Climbing the ancient fortress-palace of Sigiriya – and the astonishing views from the top.
After a good few days bumming about Kandy I caught a bus up to the Central Province of Sri Lanka to visit Sigiriya. (A/C bus from Kandy bus station to Dambulla 300 rupees/2 hours, then 20-minute tuk-tuk to Sigiriya.) UNESCO certified, Sigiriya is perhaps Sri Lanka’s most iconic sight: a huge sheer-walled rock that seems to appear out of nowhere. Its flat-topped summit contains the ruins of an ancient civilisation, thought to be once the epicentre and fortress of the short-lived kingdom of Kassapa
I’ll not go into specifics about the climbing of the rock itself as there are many articles online already that cover that sort of thing. The main things you may need to know though are that the climb is split into sections so you can take a break if you want; there are no toilet facilities; go early to avoid the heat and the crowds; and the final stretch may be difficult for those suffering from vertigo. I myself had no problem but I could see some people clutching on to the rails and staring at their feet, the tell-tale signs of wanting to be anywhere else.
The main purpose of this post is to show just how spectacular the views are from the top, as many articles I have seen just don’t seem to do it justice. Hopefully a few of these photographs will inspire you to climb its 1200 steps and stand in awe of the emerald ocean of forest beneath you.
My host family in Sigiriya
On this trip when not working directly with hotels I chose to stay exclusively with host families. I did this a few times in Indonesia and it was always a great experience. Sri Lanka was no different. Many of the places you will find on booking.com are homestays, all of which offer simple accommodation and also – in most cases – the chance of a homecooked dinner in the evening. In Sigiriya I stayed with Bandula and his wife about 15 minutes up a dirt lane from the town. (Search Bandula Homestay on booking.com) Like the majority of homestays, my place had no A/C or hot water, but I had a fan and a mosquito net. The food his wife cooked was some of the best I had tasted in Sri Lanka.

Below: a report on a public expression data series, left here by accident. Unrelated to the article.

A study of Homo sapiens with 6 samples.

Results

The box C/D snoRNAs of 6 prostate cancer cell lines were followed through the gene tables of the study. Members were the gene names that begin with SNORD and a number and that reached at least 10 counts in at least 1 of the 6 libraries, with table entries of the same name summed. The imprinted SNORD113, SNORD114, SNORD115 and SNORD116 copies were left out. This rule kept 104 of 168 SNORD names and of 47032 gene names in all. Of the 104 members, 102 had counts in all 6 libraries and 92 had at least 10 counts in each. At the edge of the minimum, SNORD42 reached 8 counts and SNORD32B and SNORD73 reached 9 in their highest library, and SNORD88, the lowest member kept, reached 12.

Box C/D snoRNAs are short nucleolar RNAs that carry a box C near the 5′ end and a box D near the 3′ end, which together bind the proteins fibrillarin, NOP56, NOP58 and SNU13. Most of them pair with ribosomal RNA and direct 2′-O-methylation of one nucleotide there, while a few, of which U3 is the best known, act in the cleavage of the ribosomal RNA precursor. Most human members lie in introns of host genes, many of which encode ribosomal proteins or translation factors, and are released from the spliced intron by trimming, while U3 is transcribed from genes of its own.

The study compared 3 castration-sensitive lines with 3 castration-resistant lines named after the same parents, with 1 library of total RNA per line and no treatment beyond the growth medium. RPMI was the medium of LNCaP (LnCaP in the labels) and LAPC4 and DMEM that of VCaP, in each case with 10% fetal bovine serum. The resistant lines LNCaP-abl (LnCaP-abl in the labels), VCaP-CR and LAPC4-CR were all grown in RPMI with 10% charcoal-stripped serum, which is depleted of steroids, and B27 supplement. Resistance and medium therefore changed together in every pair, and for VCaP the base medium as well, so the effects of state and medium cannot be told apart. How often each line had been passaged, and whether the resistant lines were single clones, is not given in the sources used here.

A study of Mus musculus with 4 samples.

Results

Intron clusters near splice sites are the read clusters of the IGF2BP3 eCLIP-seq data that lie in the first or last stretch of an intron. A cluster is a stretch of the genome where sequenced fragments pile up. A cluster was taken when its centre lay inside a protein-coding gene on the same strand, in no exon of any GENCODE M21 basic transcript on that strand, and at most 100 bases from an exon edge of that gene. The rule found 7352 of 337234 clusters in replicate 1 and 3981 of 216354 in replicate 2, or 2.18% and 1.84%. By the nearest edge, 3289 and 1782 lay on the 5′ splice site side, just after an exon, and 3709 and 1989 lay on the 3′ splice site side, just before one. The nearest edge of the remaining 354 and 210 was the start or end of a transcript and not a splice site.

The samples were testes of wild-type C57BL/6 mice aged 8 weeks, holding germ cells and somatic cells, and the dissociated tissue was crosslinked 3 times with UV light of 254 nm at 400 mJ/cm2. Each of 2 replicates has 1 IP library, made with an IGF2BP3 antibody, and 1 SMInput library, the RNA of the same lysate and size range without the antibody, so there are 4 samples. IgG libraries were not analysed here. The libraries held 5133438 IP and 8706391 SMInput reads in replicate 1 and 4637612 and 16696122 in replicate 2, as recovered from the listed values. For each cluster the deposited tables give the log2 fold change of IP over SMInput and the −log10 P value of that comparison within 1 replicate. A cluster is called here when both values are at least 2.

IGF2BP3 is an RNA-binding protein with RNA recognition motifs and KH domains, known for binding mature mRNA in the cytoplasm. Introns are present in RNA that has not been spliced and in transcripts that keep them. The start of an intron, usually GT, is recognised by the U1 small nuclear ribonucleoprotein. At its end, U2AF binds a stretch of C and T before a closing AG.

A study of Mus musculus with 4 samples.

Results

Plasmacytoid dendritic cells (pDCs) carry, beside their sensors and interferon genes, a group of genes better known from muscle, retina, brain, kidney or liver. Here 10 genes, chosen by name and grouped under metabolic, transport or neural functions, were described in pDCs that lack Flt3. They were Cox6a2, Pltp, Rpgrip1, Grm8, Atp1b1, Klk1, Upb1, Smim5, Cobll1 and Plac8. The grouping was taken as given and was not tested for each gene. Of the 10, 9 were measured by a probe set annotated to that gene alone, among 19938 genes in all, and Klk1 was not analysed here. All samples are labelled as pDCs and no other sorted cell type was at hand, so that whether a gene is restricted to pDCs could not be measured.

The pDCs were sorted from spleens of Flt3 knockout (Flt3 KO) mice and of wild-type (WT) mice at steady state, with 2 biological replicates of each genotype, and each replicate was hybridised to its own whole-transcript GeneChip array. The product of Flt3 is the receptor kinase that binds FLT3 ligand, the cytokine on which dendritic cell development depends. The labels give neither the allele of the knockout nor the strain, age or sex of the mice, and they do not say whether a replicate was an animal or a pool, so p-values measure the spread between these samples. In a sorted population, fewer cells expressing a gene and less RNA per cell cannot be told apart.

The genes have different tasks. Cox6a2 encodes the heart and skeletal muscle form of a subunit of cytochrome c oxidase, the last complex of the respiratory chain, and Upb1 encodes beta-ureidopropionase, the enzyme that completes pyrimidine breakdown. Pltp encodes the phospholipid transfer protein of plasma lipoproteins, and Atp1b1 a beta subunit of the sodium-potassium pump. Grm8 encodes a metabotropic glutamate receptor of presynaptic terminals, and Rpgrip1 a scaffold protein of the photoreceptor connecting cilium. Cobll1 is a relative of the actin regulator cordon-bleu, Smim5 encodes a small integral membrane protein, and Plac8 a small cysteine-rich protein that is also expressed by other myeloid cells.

Food options in the town itself are pretty limited. (When I say ‘town’ it’s really just a single street.) I found one place I liked, however, and ate all my meals there which is what I tend to do. Better the devil you know: if you didn’t get sick the first time, there’s a better chance you won’t the second time. This place had a balcony with a huge tree overlooking it. At one point a troop of aggressive monkeys invaded the restaurant and started jumping up and down. One must have been about 3ft. The next day another monkey pissed all over the restaurant from a great height, and after a mate of mine got very sick from monkey piss in Sumatra (don’t ask me how he managed to ingest it), I decided it was time to find a new place to eat.
There’s no doubting it: Sigiriya is an expensive rock to to climb at $30 for adults and $15 for kids (shorts OK, sarong not necessary). There is another rock nearby that is of similar height and costs just 500 rupees. But from my own point of view I wanted to climb the real thing and stand where an ancient civilisation once stood. (And see the frescoes: paintings on the wall that have somehow survived for centuries.) That being said, I’m sure the views from the other rock are on par with Sigiriya – so whichever you choose, you can be assured of some of the best tropical forest views you will ever see in your life.